Artist: Bill Lynch
Venue: White Columns, New York
Curated by: Verne Dawson
Date: September 12 – October 25, 2014
Full gallery of images, press release and link available after the jump.
Images courtesy of White Columns, New York.
The exhibition has been organized by the New York-based artist Verne Dawson.
“Bill Lynch and I met while students at Cooper Union at the end of the 1970s. Organizing this show in New York is surely a most bittersweet experience. It should have happened thirty years ago, or twenty, or ten, or five. But it didn’t. Bill died last year at 54 years old. He understood touch, understood paint, and understood that these are tools to access the ancient and the present, the living and the dead. We both are in debt to the impossibly brilliant Professor Arthur Corwin for his vast knowledge of myth and astronomy, the subjects that bound Bill and I together for 35 years as well as the fundamental instinct to paint something beautiful. His affliction, schizophrenia, eventually made our world difficult for him to be part of. He was loved and appreciated by his family and many friends as well as the love of his life, Sherry Johnson. His mother, Gerry Lynch, never lost faith, and these works are here thanks to her caring preservation.”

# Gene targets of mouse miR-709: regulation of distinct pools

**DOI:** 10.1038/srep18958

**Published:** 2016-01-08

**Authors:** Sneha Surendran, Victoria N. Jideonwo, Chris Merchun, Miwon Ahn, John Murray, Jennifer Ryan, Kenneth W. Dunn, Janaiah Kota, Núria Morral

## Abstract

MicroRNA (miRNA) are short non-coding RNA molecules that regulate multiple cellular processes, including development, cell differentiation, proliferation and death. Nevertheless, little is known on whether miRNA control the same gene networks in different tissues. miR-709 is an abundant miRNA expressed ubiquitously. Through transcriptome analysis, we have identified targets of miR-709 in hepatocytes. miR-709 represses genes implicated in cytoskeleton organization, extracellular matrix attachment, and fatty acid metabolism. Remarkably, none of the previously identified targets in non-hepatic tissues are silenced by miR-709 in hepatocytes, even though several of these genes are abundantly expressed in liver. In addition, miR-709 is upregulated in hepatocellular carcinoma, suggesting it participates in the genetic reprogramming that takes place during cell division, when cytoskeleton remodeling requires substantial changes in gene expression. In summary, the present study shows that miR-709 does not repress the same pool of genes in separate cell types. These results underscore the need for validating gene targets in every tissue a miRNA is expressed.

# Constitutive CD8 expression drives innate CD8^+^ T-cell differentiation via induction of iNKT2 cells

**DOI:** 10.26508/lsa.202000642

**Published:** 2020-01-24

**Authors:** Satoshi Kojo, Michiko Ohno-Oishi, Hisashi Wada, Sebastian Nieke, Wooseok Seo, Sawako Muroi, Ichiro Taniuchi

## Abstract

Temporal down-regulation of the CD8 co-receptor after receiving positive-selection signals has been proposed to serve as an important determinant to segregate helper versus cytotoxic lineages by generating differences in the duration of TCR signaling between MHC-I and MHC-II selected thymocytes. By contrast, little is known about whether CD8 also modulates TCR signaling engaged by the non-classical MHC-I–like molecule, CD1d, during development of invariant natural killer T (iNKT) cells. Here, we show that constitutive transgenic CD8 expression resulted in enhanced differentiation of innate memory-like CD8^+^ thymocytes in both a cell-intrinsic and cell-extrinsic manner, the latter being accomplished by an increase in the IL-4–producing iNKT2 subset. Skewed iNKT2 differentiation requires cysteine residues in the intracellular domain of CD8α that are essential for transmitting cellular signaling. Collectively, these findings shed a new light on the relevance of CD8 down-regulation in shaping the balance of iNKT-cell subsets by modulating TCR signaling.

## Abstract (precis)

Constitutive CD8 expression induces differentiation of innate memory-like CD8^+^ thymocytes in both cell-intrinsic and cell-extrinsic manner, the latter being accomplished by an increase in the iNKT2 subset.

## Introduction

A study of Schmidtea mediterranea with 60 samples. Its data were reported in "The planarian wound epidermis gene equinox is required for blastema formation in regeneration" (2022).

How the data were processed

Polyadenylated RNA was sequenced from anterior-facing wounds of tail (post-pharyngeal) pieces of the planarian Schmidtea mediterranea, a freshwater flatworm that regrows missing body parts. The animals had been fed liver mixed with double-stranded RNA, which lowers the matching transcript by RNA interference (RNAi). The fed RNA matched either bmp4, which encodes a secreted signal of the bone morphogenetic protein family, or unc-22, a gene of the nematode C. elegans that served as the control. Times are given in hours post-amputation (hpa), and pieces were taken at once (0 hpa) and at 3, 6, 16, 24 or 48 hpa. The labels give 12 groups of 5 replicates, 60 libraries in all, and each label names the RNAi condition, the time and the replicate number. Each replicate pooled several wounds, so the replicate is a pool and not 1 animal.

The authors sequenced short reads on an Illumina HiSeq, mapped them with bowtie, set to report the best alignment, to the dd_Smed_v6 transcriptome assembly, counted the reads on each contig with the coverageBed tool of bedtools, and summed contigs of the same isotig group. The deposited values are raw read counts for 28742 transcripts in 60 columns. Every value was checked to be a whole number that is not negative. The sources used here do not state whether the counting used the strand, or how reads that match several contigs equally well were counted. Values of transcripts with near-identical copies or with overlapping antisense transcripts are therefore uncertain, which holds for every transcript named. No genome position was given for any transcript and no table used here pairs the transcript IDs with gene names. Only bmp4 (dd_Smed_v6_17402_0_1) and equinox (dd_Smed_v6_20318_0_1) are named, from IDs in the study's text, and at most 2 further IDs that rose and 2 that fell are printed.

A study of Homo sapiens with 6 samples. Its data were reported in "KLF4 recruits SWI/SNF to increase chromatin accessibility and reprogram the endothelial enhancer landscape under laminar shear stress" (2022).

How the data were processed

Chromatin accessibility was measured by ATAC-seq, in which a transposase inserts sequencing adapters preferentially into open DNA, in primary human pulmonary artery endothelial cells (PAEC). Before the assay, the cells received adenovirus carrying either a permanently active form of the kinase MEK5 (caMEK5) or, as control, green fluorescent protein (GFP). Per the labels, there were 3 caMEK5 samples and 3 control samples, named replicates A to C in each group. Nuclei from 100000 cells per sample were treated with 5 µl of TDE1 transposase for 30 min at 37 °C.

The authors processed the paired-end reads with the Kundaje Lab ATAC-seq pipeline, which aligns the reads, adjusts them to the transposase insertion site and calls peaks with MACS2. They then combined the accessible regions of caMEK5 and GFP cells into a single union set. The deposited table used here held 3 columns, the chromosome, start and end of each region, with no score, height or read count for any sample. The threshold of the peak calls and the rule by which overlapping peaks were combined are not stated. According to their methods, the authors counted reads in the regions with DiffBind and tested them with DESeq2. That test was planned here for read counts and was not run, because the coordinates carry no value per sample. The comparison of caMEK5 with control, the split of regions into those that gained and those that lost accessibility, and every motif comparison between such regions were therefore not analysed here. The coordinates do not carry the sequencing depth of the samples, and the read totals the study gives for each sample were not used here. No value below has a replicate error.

– Verne Dawson, 2014.
Lynch observed the everyday world around him, and in particular the natural world, with an extraordinary degree of empathy. In a text that accompanies the exhibition the writer Michael Wilde suggests:
“In these pictures everything is alive and communicating wildly. Lynch’s connection to subjects and landscapes, both in life and painting, was empathic: a flower or tree branch sings just as strongly as any bird; likewise a pre-Columbian vessel in spiritual communion with a Chinese philosopher’s stone or a pair of Paleolithic-era rubber-stamped Venuses—and he listened acutely, transcribing their conversation so you could hear it too. Their secrets opened up to him. Everywhere is meaning. Surrounded by his work, you can’t help but be struck by this vibrant language; his sincere belief, his love.”